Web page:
May and June saw economic activity improve relative to the April lows, and we expect that economic growth will be positive in the back half of the year. However, with case growth reaccelerating across the United States, more and more clients have been asking whether or not we think the U.S. economy could get knocked back into recession. While this is not our base case, it is important to understand how it could occur, and what the implications would be for long-term investors.
In the most basic sense, the recession we are dealing with is a cash flow issue – consumers have no income, and businesses have no revenue. This is why reopening the economy is so important, but also, so difficult; if it is done too quickly, we risk seeing a material second wave of infection, but if it is done too slowly, businesses will permanently shut down, making it increasingly difficult to absorb the excess labor supply that was created in March and April. The policy response we have seen over the past few months has tried to address this, but there are limits to how long governments can pump money into the economy.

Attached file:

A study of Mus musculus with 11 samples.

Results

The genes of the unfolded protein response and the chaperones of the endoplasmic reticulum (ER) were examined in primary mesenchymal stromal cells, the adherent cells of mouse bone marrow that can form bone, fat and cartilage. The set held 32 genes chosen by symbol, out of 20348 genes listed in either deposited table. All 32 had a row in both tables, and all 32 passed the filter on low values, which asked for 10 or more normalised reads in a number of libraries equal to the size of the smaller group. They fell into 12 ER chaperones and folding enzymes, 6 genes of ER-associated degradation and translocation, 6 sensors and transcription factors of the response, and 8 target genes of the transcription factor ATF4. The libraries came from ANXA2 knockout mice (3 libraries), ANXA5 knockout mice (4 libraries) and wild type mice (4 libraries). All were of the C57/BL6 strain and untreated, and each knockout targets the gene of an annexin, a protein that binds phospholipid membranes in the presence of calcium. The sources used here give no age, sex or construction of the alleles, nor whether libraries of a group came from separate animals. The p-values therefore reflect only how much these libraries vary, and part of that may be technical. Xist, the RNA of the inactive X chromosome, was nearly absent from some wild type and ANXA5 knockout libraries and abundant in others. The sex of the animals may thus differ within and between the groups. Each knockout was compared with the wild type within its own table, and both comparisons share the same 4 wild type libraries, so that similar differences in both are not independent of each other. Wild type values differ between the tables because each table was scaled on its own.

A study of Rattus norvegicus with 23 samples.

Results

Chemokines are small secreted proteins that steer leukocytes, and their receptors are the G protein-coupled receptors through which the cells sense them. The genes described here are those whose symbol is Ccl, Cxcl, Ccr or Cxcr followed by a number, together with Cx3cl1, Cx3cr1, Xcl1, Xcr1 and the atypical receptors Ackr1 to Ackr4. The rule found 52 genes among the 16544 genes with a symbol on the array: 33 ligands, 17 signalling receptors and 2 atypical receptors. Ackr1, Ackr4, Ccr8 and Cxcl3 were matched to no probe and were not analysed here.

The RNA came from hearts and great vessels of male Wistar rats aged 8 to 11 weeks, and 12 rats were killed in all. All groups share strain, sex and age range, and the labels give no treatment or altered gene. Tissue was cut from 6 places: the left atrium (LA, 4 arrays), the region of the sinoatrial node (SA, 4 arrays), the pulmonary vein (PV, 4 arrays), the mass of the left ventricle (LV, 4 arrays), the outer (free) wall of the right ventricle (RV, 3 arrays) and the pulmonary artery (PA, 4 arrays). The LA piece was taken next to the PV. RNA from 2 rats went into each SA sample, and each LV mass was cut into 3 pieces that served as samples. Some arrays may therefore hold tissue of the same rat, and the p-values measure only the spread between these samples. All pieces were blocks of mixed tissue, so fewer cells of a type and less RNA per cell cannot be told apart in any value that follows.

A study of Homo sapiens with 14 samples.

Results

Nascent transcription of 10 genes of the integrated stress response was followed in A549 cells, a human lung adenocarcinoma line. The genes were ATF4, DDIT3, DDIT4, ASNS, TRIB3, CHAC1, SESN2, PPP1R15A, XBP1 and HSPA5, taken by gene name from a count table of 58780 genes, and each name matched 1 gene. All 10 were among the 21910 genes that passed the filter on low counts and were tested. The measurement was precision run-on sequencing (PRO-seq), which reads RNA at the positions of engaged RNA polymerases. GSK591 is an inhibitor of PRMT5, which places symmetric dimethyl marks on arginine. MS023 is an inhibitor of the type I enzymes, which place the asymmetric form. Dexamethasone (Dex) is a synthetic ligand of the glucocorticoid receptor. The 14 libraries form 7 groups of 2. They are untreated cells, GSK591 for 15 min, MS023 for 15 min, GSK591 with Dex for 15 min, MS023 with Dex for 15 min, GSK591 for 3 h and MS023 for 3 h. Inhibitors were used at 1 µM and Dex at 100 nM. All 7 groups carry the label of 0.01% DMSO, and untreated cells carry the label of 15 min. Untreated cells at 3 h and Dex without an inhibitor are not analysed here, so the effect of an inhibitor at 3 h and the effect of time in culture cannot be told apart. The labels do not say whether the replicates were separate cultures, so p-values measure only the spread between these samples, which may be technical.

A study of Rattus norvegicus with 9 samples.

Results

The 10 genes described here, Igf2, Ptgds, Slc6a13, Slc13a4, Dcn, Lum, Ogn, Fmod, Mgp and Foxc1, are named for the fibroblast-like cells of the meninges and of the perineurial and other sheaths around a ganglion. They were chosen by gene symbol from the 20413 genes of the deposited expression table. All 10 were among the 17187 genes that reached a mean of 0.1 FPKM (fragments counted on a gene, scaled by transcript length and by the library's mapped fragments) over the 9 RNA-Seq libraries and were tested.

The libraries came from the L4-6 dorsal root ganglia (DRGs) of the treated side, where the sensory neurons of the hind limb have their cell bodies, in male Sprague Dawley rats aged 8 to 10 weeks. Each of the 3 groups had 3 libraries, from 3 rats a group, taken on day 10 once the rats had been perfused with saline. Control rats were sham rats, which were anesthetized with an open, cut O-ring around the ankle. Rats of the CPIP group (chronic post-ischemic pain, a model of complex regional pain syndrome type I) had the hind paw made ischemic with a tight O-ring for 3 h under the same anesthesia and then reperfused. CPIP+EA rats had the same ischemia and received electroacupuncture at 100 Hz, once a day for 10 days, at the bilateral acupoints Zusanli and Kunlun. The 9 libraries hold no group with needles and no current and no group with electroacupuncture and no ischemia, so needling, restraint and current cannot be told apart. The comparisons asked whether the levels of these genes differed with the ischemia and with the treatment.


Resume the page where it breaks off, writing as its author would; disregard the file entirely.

The risk is that we bring things back online too slowly, and workers have no place to work. This would lead the consumer to come under even more pressure, particularly if fiscal support begins to wane. In this environment, we could easily envision economic growth rolling over; however, any subsequent recession would likely be more structural in nature, and look very different than the sharp deceleration and bounce back seen over the past few months.
This tension between the health of the population and the health of the economy looks set to persist, and there is no clear answer as to what should be done. Monitoring high frequency economic data – like we show on page 21 of our Guide to the Markets – will be key in order to understand where things stand with respect to the recovery. In the interim, we continue to advocate for an investment approach that focuses on both quality and balance, as we believe this will be the best way to navigate volatility during the coming months.
It will be important to monitor the high frequency data
Year-over-year % change*
Source: Apple Inc., FlightRadar24, Mortgage Bankers Association (MBA), OpenTable, STR, Transportation Security Administration (TSA), J.P. Morgan Asset Management. *Driving directions and total global flights are 7-day moving averages and are compared to a pre-pandemic baseline. Guide to the Markets – U.S. Data are as of July 8, 2020.